Slow lorises being sold on Facebook rescued in West Java
Indonesian police have rescued 34 slow lorises destined to be sold as pets on Facebook.
The officers discovered the critically-endangered species crammed into cages in West Java.
The world's only venomous primate has become popular in recent years thanks to a proliferation of YouTube videos portraying them as cute and cuddly.
But the rising demand for slow lorises as pets is pushing the species to the brink of extinction.
Hunters sell the lorises to dealers for £3 ($3.66), while traffickers can get as much as £31 ($37.90) each, said Diki Budiman, assistant director of the police unit dealing with the case in West Java.
Captivity alone is traumatic for each loris - just being in a brightly lit room is painful for the nocturnal creature.
Animal traffickers go further, cutting their teeth with pliers, wire cutters or clippers to make them easier and safer to handle.
The painful procedure can be fatal. If they survive, more than half will die during transport.
"It is a bit difficult to say how many die exactly, but we estimate it probably is about 80%," Christine Rattel, of International Animal Rescue, who are now caring for the lorises, told the BBC.
"They can die from stress alone."
Under Indonesian law, hunting, capturing or keeping slow lorises as pets is strictly forbidden.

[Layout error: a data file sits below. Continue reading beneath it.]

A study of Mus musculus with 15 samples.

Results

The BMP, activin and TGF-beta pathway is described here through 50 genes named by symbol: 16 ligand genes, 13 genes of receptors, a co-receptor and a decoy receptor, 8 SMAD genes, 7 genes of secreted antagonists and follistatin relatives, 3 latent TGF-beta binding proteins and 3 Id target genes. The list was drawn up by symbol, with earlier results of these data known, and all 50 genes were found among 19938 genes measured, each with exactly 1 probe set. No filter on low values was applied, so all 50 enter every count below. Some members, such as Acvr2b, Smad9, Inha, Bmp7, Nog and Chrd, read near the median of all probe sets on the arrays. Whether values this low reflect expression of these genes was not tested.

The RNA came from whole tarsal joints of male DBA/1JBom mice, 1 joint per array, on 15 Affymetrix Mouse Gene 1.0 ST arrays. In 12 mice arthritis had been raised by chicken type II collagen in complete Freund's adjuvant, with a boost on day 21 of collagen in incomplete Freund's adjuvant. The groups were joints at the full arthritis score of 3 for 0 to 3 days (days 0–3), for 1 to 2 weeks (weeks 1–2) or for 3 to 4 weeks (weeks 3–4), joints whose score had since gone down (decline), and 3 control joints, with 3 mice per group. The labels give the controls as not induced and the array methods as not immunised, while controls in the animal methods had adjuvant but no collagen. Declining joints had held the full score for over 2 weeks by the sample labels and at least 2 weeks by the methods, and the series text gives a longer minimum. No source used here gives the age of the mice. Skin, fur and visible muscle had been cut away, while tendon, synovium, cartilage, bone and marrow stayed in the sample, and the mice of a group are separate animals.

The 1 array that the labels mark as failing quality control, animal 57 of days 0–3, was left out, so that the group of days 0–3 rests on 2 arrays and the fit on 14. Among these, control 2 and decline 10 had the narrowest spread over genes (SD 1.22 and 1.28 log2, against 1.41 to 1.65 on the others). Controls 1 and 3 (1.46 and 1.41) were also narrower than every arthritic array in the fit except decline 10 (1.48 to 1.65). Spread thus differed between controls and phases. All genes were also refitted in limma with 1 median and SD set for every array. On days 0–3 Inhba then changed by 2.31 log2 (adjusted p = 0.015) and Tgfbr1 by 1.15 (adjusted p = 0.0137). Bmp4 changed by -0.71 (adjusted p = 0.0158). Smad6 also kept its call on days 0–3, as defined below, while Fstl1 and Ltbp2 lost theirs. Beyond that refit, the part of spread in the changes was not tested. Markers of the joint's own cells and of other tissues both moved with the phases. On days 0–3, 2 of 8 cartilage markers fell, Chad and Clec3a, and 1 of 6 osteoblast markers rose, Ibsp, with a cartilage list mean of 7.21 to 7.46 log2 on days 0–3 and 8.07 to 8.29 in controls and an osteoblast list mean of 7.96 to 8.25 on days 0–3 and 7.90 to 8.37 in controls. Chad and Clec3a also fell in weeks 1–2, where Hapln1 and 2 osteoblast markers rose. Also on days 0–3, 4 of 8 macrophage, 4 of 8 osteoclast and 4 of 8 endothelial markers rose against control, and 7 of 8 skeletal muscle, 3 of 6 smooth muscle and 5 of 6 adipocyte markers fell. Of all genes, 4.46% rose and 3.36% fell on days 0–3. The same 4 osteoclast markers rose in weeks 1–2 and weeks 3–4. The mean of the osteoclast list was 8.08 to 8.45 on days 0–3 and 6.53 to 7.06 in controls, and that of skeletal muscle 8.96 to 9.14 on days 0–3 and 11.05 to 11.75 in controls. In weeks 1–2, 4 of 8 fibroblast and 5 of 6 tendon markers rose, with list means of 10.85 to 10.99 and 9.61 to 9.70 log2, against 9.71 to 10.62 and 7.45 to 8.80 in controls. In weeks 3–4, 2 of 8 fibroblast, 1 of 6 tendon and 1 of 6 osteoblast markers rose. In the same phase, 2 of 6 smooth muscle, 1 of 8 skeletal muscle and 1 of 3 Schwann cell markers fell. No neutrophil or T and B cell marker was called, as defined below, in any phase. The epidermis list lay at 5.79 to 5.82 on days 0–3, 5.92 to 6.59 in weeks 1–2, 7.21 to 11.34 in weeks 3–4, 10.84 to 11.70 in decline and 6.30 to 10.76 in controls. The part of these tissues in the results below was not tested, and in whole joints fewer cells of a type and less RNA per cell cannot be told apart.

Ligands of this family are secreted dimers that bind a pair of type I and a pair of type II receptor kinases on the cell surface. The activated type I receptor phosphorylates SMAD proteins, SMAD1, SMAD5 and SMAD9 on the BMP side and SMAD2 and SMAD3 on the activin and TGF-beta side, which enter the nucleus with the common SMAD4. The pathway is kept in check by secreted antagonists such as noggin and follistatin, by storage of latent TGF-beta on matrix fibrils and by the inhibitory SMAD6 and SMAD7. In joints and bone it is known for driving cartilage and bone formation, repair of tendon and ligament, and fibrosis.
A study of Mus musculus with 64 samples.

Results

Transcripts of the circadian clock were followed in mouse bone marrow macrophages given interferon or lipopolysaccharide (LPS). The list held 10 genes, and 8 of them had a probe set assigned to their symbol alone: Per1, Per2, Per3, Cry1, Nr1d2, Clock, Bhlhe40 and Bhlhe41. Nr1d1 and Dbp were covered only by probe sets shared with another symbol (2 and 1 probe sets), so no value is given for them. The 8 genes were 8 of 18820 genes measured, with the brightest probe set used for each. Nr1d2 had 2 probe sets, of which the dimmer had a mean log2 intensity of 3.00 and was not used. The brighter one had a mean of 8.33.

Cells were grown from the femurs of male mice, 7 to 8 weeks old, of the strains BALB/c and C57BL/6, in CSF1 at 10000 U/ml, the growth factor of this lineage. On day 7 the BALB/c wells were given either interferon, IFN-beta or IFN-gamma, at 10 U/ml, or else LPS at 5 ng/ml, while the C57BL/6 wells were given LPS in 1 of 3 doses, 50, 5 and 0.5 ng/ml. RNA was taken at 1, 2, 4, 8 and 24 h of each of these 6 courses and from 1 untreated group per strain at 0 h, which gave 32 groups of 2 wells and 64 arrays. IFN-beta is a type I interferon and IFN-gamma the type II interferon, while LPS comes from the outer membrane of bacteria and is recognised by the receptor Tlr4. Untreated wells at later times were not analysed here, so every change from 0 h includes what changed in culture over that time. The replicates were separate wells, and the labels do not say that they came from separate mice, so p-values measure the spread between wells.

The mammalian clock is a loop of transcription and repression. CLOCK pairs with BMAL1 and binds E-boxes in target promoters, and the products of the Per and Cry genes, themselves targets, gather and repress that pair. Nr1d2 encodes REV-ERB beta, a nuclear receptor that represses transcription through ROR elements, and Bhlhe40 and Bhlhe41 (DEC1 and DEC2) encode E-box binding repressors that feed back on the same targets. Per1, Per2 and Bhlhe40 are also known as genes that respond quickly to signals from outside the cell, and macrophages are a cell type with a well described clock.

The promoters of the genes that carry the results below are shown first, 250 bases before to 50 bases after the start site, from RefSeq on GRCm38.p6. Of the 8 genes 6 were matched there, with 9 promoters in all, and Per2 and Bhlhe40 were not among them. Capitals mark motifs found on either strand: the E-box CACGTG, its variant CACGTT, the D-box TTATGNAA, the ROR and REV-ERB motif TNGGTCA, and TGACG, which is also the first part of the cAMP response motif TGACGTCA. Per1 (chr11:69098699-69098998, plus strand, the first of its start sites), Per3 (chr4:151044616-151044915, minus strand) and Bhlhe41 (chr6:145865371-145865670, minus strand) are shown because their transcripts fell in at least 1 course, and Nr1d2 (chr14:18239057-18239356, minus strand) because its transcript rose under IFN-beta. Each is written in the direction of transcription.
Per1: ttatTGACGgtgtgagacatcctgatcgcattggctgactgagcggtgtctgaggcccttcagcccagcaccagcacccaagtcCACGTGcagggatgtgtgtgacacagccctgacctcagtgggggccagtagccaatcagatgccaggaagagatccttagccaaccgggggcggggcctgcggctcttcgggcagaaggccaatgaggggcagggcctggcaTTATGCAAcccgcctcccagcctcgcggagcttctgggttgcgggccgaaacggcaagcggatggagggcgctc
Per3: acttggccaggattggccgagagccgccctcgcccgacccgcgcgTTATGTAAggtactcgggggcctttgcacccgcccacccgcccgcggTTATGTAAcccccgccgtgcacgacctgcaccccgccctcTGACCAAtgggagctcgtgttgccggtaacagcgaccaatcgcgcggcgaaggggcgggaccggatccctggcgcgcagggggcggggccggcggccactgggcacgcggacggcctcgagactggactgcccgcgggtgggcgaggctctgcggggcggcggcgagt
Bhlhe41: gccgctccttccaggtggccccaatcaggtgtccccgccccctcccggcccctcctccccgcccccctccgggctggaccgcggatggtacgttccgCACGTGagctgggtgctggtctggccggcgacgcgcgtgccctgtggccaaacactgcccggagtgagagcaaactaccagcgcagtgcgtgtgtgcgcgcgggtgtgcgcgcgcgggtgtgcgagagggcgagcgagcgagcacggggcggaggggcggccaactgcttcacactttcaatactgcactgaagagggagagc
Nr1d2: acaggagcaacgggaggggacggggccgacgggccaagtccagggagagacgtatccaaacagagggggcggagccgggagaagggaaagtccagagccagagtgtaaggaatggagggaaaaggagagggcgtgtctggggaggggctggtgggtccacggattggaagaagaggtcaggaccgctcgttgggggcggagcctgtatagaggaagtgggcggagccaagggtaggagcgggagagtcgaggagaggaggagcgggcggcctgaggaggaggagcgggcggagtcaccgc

But the reality is that slow lorises are sold openly in the markets of Indonesia, and now Facebook makes it easy for traders to set up business.
On this occasion, Indonesian police managed to arrest five people - two alleged hunters and three dealers - before the lorises had even gone on sale.
Because of their swift actions, the animals got away relatively unscathed, with only one having its teeth cut. International Animal Rescue later discovered six were pregnant.
More worryingly, at least five had air rifle bullet wounds, with one of the pregnant females losing her sight in one eye.
"The good thing in this particular case is that they had been hunted just before," said Ms Rattel. "They have not been long in captivity, and we will probably be able to release them fairly soon.
"We just need to find somewhere to return them to the wild."